Experts consulted by Denmark condemn plan to deport Syrian refugees
A group of experts who were consulted by the Danish government for a report that declared parts of Syria safe - allowing authorities to revoke residency permits for Syrians - criticised Denmark's controversial stance on Monday, saying that no Syrian refugee was safe enough to be forced to return.
Eight of the 12 experts consulted for the 2019 report wrote in a joint statement that their "expert opinion, background information and other advice to the Danish Immigration Service was underappreciated".
"We do not recognise our views in subsequent government conclusions or policies, and neither do we consider that Denmark's Syrian refugee policy fully reflects the real conditions on the ground," read the statement, published by Human Rights Watch.
'We believe that conditions do not presently exist anywhere in Syria for safe returns'
- Eight of the 12 experts consulted for 2019 report
Danish authorities reclassified Damascus as safe in the 2019 report. In 2021, this label was extended to Rif Damascus, the capital's governorate.
In doing so, Denmark opened the possibility for Syrian refugees to not have their residency permits renewed, which was the case for 94 of them in March.
"We are urging the Danish government to revise its conclusions on Damascus to better reflect the ongoing risks posed to potential returnees, and to amend its current refugee policies accordingly," read the experts' open letter.
"We believe that conditions do not presently exist anywhere in Syria for safe returns and any return must be voluntary, safe and dignified," they added, urging Denmark to return to the position outlined in a European Parliament resolution in March, which stated that Syria "is not a safe country to return to".
Authorities have faced mounting criticism in recent weeks for the decision.
"No other country in Europe has adopted such a policy," Niels-Erik Hansen, a lawyer specialising in migration issues, told the AFP news agency.
The issue made global headlines in early April after one of Hansen's clients, a teenager soon to graduate from secondary school, pleaded with viewers on Danish television.
Speaking in fluent Danish, 19-year-old Aya Abu-Daher moved viewers as she asked, holding back tears, what she had "done wrong", according to AFP.
The young Syrian was recently told that her residence permit, which expired at the end of January, would not be renewed.
Like her, 189 Syrians have already had their residence permits revoked since the summer of 2020 after Copenhagen decided to re-examine the cases of around 500 Syrians from Damascus, under the control of Bashar al-Assad's regime.
The revocations were on the grounds that "the current situation in Damascus is no longer such as to justify a residence permit or the extension of a residence permit".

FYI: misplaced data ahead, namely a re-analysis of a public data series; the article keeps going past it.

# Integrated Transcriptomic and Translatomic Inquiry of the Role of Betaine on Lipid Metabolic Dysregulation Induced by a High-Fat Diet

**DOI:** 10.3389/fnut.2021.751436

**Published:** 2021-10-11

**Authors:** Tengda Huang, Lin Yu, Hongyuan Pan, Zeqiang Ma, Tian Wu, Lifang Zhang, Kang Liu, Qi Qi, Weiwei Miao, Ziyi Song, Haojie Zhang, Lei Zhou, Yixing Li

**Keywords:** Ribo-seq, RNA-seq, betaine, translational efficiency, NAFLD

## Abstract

Some of the rejected applicants, who had originally been granted only a temporary permit, have been placed in a detention centre.
"Being in a return centre, you can't work nor study and you get food three times a day. Basically, they keep you there until you sign a paper saying that you'll return voluntarily to Syria," Hansen told AFP.
Under Danish immigration law, temporary residence permits are issued without an end date in cases of a "particularly serious situation in the country of origin characterised by arbitrary violence and attacks against civilians", but can be revoked once conditions are deemed to have improved.
Roughly 35,500 Syrians currently live in Denmark, more than half of whom arrived in 2015, according to Statistics Denmark.
'I won't back down'
The UN High Commissioner for Refugees (UNHCR) recently said it was “concerned” about Denmark's decision, though deportations are currently suspended because Syria and Denmark don’t have diplomatic relations.
“UNHCR does not consider that the recent improvements in security in parts of Syria to be sufficiently fundamental, stable or durable to justify ending international protection for any group of refugees," a spokesperson said in a recent press briefing.
But despite the backlash and negative media attention, the country appears to be sticking to its guns.
"The government's policy is working, and I won't back down, it won't happen," Social Democratic migration minister Mattias Tesfaye said after Aya Abu-Daher's plea was broadcast, AFP reported.
"Denmark has been open and honest from day one. We have made it clear to the Syrian refugees that their residence permit is temporary and that the permit can be revoked if the need for protection ceases to exist," Tesfaye told AFP recently.
Denmark set out in January its aim of having "zero asylum seekers". It offers special grants for voluntary returnees, according to AFP, which were accepted by 137 Syrians in 2020.
"Damascus may not have seen active conflict hostilities since May 2018," read the open statement, "but that does not mean that it has become safe for refugees to return to the Syrian capital."
"Many of the key drivers of displacement from Syria remain, as the majority of refugees fled, and continue to fear, the government’s security apparatus, arbitrary arrest and detention, torture, military conscription, and harassment and discrimination."
"Danish policy could lead a worrying trend in European refugee policy towards the revocation of residency and other restrictions," it added.